Preston Allen soars through all expectations
November 11, 2015

    At age 24, not only has Allen opened his own business, Star Aviation, LLC, with friend Bernie Blake, he also recently accomplished something that is unheard of in the world of aviation.

    Recently, Allen acquired a total of five new temporary pilot certificates
    Allen has constantly been trying to expand his flying knowledge as well as gain more pilot certificates to accomplish his dream of one day becoming a professional pilot. However, as you can imagine, the hobby of flying as well as becoming certified to fly is not cheap. Allen came up with his own personalized flight plan to put him on the professional pilot tract as well as save him a large sum of money.

    Allen had done his research on the federal aviation regulations and found a window of opportunity to overlap his experience and flight time requirements for commercial, instrument and multi-engine ratings. He searched the Internet for months, finally finding flight instructor, Dan Gryder, in Atlanta. Gryder was quoted in Russ Niles in AVWeb, “When he first approached me about it I didn’t think it was possible.” Though after Allen’s persistence, Gryder stated, “It took him 60 days to convince me to do this in 30 days.” Together, Gryder and Allen designed a training path that would allow him to keep the cost down from the traditional $100,000 that it would typically cost to obtain these five certificates, but also have enough training and testing to get what he needed.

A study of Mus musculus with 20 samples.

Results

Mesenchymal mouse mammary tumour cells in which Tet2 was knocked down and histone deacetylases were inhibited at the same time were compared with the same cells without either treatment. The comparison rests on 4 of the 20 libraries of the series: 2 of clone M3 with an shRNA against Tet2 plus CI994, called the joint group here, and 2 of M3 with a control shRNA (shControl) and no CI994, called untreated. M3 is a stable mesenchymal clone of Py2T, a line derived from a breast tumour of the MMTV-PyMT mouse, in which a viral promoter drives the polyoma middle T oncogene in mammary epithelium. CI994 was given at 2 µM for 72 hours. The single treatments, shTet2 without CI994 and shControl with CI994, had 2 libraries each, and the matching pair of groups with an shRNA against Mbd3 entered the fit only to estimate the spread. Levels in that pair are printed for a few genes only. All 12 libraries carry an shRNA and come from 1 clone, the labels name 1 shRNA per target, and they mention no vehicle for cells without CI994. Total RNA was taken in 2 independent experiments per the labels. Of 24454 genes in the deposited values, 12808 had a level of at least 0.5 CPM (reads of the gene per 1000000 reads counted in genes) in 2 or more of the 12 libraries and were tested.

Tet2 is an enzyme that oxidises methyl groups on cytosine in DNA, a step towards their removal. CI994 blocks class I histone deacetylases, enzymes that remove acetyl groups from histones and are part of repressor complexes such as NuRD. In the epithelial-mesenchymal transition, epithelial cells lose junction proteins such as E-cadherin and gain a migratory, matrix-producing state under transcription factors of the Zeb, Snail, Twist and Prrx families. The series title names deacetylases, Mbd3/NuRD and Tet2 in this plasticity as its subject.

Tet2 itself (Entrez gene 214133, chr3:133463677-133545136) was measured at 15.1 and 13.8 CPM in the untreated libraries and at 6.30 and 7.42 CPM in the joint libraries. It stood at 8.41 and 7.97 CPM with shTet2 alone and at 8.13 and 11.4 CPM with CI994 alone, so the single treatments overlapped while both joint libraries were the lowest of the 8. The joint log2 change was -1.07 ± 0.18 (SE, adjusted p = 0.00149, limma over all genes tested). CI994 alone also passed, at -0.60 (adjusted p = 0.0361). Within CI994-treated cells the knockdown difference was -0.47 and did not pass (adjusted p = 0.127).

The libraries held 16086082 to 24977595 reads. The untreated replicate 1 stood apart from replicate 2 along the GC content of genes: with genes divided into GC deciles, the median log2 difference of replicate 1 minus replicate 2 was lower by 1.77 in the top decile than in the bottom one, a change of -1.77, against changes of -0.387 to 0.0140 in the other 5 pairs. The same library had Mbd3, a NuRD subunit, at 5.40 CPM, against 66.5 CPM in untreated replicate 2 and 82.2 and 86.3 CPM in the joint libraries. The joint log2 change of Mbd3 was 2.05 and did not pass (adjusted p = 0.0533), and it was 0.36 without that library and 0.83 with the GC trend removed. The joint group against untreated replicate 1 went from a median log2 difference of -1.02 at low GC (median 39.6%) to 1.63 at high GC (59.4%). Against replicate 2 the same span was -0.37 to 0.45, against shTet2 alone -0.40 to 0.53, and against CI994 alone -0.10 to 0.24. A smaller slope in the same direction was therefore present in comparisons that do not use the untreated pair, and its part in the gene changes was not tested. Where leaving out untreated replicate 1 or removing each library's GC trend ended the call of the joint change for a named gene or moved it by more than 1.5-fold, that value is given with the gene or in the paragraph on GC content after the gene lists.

Already having over 1,200 hours of private pilot flying under his belt and the required written test taken care of, Allen began his instrument training with Gryder Sept. 2. Most of his instrument training was done in a single-engine airplane, and the instrument checkrides were done in a twin-engine airplane. When he wasn’t flying the real deal engine, Allen used a Redbird simulator. Over a month, Allen racked up 100 hours of flight time, which Allen’s dad will tell you, is a “whole lot of flight training.” “I flew day and night between those 60 days,” Allen stated.